A Scotland Yard spokesman said: “Following the man’s arrest, detectives are assessing the contents of a video.”
What did he say?
In the clip, he can be heard saying: “I’m sorry. I’m sorry for what I’ve done and what I will do. I will attempt to assassinate Elizabeth, Queen of the Royal Family.
“This is revenge for those who have died in the 1919 Jallianwala Bagh massacre.
The Queen pictured during her annual Christmas broadcast, alongside a framed photo of her late husband Philip Getty Images
“It is also revenge for those who have been killed, humiliated and discriminated on because of their race. I’m an Indian Sikh, a Sith.”
What is the Jallianwala Bagh massacre?
Also known as the Amritsar massacre, it took place on 13 April 1919.
A large peaceful crowd had gathered to protest against the arrest of pro-Indian independence leaders.
In response, the British Brigadier-GeneralR. E. H. Dyer surrounded the Bagh with his soldiers. He then ordered his troops to open fire on the crowd, and estimates of those killed vary between 379 and 1500+ people.
Where and when was the video first posted?
According to The Sun, the pre-recorded clip was uploaded to Snapchat at 8.06am on Christmas Day, less than half an hour before the man was arrested by police.
Has the suspect’s family said anything?
Yes. His father told MailOnline:“Something’s gone horribly wrong with our son and we are trying to figure out what.
“We’ve not had a chance to speak to him but are trying to get him the help he needs.
The Queen greeting the Sultan of Oman, Sultan Haitham bin Tariq, during an audience at Windsor Castle on December 15, one of her most recent engagements POOL/AFP via Getty Images
“From our perspective, we are going through a difficult time. We are trying to resolve this issue and it’s not easy.”
Have the police turned their attention to his home?
Yes, the police searched the family’s home in Southampton.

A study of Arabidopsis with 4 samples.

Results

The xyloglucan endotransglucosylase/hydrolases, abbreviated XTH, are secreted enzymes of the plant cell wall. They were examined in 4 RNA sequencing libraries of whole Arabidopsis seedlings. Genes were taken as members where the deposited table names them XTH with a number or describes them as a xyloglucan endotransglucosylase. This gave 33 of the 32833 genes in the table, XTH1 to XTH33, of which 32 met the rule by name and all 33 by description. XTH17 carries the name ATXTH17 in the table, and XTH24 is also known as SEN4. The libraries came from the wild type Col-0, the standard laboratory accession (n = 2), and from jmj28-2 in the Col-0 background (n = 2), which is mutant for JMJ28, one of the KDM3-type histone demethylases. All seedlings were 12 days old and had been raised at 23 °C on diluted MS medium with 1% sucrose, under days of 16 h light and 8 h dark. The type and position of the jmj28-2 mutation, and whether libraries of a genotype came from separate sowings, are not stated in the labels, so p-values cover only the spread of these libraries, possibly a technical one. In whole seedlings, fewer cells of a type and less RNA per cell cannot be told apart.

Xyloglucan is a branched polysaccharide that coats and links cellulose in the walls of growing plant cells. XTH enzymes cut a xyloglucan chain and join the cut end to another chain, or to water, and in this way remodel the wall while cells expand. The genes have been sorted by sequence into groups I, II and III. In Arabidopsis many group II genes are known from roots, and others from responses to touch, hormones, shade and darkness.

One neighbour told The Sun: “There was a big commotion with all the police around and it caused some concern, especially as it was Christmas Day.
“The family keep themselves to themselves, like the rest of the estate, but we know there’s a teenage lad who lives there with his mum and dad. The police didn’t leave the estate until late at night.”
How serious was the latest threat?
Retired chief superintendent Dai Davies, the former head of royal protection at Scotland Yard, called it a ‘potentially tragic threat’.
He told MailOnline: “Since the time of George III, 99 per cent of attacks against members of the Royal Family have involved a fixated person, or stalker. And the news that a crossbow was involved actually scares me. They will go through a windscreen.
“And in all my years of crime and catching criminals, it is rare for crossbows to be used for criminal purposes.
“Anyone knowing the royals were in residence and having a fair idea of their comings and goings, could pose a very real and potentially tragic threat with something like that.”
What’s happened since?
Home Secretary Priti Patel has ordered a review of the current rules surrounding crossbow ownership. A Home Office spokesperson said in a statement the department has been instructed to look at possible ways to “strengthen controls” on the weapons.
“Crossbows are subject to controls and legislation is in place to deal with those who use them as a weapon,” the spokesperson said.
“At the Home Secretary’s request, we are considering options to strengthen controls on crossbows. Work on this has been ongoing throughout the year, and we keep all relevant laws under review to maintain public safety.”